Metastatic Tumor Naming Needs to Change

Metastatic Tumor Naming Needs to Change

Metastatic cancers have historically been identified by their organ of origin, and treatment decisions are made on the basis of this classification. However, with the recent emergence of precision oncology research and molecular profiling, a growing disconnect suggests that the old tumor naming method needs to change. It has been shown that some mutations occur across multiple tumor types and that most tumor types can be subdivided into different molecular subgroups. For example, lung cancers can have mutations in the epidermal growth factor receptor gene, mesenchymal epithelial transition gene, or anaplastic lymphoma kinase gene.

Fabrice André, MD, PhD, and colleagues recently published several arguments as to why tumor naming needs to change considering current research trends. First, classifying tumors by organ of origin stalls progress and has led to delays in treatment for millions of people. The authors cited the delays in research of programmed cell death protein 1 inhibitors caused by the need to conduct clinical trials sequentially for each disease type. This resulted in millions of people with tumors expressing high levels of programmed death-ligand 1 unable to receive relevant drugs because trials had not yet been conducted for their type of cancer. More specifically, patients with certain breast or gynecologic cancers had to wait 7 to 10 years to access these therapies. Similar effects have impacted patients’ access to poly(ADP-ribose) polymerase inhibitors.

Classifying cancer by organ of origin also hinders medical education and patient understanding. Knowledge of molecular mechanisms would make it easier for students to remember the outcomes of clinical trials and potentially improve patient adherence to treatment. Each patient is affected by around 1 to 4 molecular alterations, so molecular-based classification would limit the amount of new information any one person would need to receive and may help guide treatment decisions and adherence.

Molecular-based classifications are likely to become ever more important as further advanced biotechnologies are developed and approved. Regulatory agencies are beginning to shift to approving drugs that focus on a molecular target rather than the organ of origin, but a much greater shift is needed across all regulators and the cancer community at large to achieve a change. Several things will need to be done differently, starting with improved guidance as to whether a specific molecular alteration should be prioritized over the organ of origin. Some societies and regulatory agencies, such as the European Society for Medical Oncology and the US Food and Drug Administration, have begun to develop such guidelines. Widespread acceptance and implementation, access to molecular testing for patients, and medical student education will be other critical steps.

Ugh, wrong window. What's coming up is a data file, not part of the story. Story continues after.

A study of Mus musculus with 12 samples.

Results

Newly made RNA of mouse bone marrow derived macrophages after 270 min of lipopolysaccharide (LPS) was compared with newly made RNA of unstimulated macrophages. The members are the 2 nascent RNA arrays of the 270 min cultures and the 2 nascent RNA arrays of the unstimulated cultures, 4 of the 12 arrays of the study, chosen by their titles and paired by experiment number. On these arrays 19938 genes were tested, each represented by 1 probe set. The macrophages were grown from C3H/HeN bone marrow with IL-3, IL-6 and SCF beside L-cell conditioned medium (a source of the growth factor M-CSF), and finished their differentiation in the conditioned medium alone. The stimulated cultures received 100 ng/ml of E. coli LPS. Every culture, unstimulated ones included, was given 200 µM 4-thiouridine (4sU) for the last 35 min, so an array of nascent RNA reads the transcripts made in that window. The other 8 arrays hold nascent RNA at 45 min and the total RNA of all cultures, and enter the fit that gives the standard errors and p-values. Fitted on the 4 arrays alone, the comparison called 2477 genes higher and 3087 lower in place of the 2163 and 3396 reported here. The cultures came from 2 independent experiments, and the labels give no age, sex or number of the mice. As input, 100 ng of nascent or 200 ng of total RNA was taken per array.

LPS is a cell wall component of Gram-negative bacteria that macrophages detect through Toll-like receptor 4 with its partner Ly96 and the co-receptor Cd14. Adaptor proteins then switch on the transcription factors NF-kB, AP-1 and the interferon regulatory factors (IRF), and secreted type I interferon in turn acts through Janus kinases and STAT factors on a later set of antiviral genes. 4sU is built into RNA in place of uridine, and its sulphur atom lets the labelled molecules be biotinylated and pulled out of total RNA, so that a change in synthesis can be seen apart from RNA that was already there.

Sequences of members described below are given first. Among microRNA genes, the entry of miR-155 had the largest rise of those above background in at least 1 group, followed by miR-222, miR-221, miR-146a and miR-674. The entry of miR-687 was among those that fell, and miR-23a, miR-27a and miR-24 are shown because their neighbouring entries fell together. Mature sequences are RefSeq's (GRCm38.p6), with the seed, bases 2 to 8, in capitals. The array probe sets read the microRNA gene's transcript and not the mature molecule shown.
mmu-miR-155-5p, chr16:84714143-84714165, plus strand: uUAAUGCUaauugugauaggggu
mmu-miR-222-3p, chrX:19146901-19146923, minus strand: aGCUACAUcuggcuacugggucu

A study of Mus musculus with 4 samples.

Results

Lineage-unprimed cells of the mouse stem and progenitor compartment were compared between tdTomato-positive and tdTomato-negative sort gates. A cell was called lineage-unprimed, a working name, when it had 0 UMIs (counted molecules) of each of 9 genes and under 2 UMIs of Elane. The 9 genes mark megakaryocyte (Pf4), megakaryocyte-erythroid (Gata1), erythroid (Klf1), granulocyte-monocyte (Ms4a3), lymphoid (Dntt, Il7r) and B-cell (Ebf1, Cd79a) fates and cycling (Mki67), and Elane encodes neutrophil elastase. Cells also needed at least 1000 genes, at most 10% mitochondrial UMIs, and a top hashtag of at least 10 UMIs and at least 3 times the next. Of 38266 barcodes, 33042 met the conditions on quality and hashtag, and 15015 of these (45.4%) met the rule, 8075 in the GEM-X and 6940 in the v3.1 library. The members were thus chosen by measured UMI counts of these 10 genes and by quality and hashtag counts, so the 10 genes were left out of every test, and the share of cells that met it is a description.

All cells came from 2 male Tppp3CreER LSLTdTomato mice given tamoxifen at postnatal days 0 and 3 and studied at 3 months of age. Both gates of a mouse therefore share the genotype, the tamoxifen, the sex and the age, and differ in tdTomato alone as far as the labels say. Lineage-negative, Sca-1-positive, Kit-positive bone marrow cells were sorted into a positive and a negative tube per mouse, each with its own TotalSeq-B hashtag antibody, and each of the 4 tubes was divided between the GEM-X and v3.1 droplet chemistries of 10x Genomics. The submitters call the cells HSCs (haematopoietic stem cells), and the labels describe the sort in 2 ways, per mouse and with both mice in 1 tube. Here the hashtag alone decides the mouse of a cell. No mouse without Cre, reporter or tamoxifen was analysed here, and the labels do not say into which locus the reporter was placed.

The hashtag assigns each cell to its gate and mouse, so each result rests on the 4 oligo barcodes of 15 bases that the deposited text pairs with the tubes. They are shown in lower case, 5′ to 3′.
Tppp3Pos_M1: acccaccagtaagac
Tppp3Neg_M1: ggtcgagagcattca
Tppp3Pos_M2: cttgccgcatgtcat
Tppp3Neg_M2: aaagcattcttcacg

High level
To best utilize the vast body of research in precision oncology, tumor naming needs to change across the cancer community worldwide. Shifting to molecular-based classification of cancers will require radical changes in how medical oncology is structured, conducted, and taught. Regulatory bodies have a key role in supporting this shift, through guidance and approvals. Academic hospitals and cancer centers with expertise in molecular oncology can help support this effort by establishing organ-agnostic teams centered around interpretation of molecular analyses. Fellowships could help transfer knowledge between institutions and raise awareness of the benefits of prioritizing molecular mechanisms when determining treatment plans.

Ground level
As the regulatory agencies and insurance companies begin to recognize that tumor naming needs to change, clinicians should shift their approach to diagnosis and treatment plans. Some cancer centers are developing ways to perform molecular analyses themselves to give more patients access to these diagnostic tests. Additionally, artificial intelligence is being used to identify genomic abnormalities from routine pathology slides at low cost.